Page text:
NFTY #57: The value of blockchain games is prototyping incentives

Talk about blockchain games have declined at ETHGlobal hackathons

NFTY tracks the ever-evolving narrative of how mainstream will enter crypto through user-facing applications.

After ETHBerlin last weekend, many individuals on Twitter have pointed out that blockchain games & NFTs were barely incorporated inside of hackathon projects, let alone talked about. Here are my thoughts of why this has been the case, and what the future of blockchain games are:

No consensus on the value of blockchain games

If you asked ten different individuals who are deep into blockchain games what the value of blockchain games are, you'll most likely receive a different answer from each one. Some may say "true item ownership" while others may say "player-owned economies". DeFi and DAOs are much easier to have consensus on for Ethereum developers.

Ethereum has not proven itself as the blockchain for games.

Many existing blockchain games have moved to sidechains or state channels in order to reduce fees and create games that seek to compete with centralized games. The fragmentation of ecosystems has created further debate among which blockchains/scaling solutions are the best for games.

Composability makes it easier to hack together projects from primitives; blockchain games take much longer to build

Primitives like Compound are easy to build on because of the existing developer network effects. Many developers at hackathon prefer to use multiple building blocks to speed up development time as opposed to creating an application from scratch. This also enables them to hit multiple bounties. Primitives like Uniswap and Compound are also starting to prove themselves as essential pieces for multiple projects (ie. Dharma V2 pivot).

What is the future of blockchain games?

The decline of talk about blockchain games has led many to question the value of blockchain games. Here’s how I see it.

I like to compare blockchain games to open-world building games like Roblox, Minecraft or RecRoom. Many indie developers actually use Roblox to prototype their games because it's faster, more efficient, and easier to get testers. While I don't think blockchain games poise any real threat to centralized games due to current scalability problems, blockchain games are a great way to prototype blockchain economies and other decentralized applications.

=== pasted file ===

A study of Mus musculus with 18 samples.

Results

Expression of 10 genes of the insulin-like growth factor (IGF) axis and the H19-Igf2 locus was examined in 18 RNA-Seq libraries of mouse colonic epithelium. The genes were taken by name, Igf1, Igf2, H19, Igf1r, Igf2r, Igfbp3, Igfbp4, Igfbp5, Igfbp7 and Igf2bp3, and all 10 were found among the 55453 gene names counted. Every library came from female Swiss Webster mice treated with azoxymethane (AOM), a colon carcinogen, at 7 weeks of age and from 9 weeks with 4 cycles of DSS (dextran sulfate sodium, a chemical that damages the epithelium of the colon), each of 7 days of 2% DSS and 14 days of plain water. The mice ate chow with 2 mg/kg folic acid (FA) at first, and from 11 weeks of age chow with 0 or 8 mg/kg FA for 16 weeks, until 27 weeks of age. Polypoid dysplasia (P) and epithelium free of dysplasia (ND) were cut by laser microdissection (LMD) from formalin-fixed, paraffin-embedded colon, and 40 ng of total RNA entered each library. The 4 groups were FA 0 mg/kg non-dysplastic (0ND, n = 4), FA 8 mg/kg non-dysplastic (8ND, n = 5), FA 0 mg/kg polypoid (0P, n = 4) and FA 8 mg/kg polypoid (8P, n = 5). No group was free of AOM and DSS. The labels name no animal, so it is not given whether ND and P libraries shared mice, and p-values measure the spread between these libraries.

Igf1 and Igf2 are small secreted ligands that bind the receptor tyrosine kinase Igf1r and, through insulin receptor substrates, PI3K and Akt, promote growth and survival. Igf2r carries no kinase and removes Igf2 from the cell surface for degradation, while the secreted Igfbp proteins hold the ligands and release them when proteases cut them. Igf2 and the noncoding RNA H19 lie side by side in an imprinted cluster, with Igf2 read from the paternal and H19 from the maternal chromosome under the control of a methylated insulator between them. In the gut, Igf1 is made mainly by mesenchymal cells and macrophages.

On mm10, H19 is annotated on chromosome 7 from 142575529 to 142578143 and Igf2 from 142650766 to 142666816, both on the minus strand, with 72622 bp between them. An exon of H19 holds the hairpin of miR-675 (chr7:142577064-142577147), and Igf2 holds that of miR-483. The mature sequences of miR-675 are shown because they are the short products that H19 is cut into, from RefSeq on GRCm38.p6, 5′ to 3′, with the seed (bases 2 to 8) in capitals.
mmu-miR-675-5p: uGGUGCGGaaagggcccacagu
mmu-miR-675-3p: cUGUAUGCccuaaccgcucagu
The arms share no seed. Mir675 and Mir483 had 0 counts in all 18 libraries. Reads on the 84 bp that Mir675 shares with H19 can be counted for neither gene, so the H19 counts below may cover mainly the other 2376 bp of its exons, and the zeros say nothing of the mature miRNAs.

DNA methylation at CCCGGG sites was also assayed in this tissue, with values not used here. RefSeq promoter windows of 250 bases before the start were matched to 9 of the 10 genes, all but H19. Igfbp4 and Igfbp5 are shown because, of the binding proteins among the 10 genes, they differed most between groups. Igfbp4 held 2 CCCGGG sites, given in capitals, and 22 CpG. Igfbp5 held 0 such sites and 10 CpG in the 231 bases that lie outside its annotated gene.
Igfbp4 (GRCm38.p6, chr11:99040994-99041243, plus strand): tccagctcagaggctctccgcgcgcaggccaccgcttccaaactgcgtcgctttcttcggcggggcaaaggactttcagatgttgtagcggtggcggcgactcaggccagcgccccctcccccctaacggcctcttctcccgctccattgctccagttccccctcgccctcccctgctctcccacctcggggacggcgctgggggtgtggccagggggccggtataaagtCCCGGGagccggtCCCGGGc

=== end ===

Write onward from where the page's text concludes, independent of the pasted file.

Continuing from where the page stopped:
Here are two ways in which this can work:

Incentivized Testnets

Simualtions such as incentivized testnets are a great example. Game of Stakes on Cosmos or Tour de SOL on Solana are a lot of setup work for little reward. Coda Protocol takes this one step further and creates a point system for completing certain tasks related to their incentivized testnet. Protocols could incentivize further participation by award NFTs to validators for completing certain tasks.

Consumer Facing DeFi

Jed Halfon wrote a great post about how future blockchain games can trick you into investing a significant amount of your net worth into the S&P. For example, If Dharma wanted to grow the amount of money locked in it's new V2 contracts, they could easily create a game that requires at least 100 DAI/USDC locked up in order to play. PoolTogether's new V2 contract is coming close to this with things like philanthropic pools and automatic buy-ins.

We need to remain focused on creating proper incentives

The importance needs to remain on exploring proper incentive systems. Using games as a way to rapidly prototype and bootstrap value is still a very underexplored territory for DeFi applications and blockchain economies who wish to draw newcomers to their ecosystems.

Disclaimer: I work on helping create a world of infinite possibility at Dapper Labs. All opinions and words written in NFTY are my own.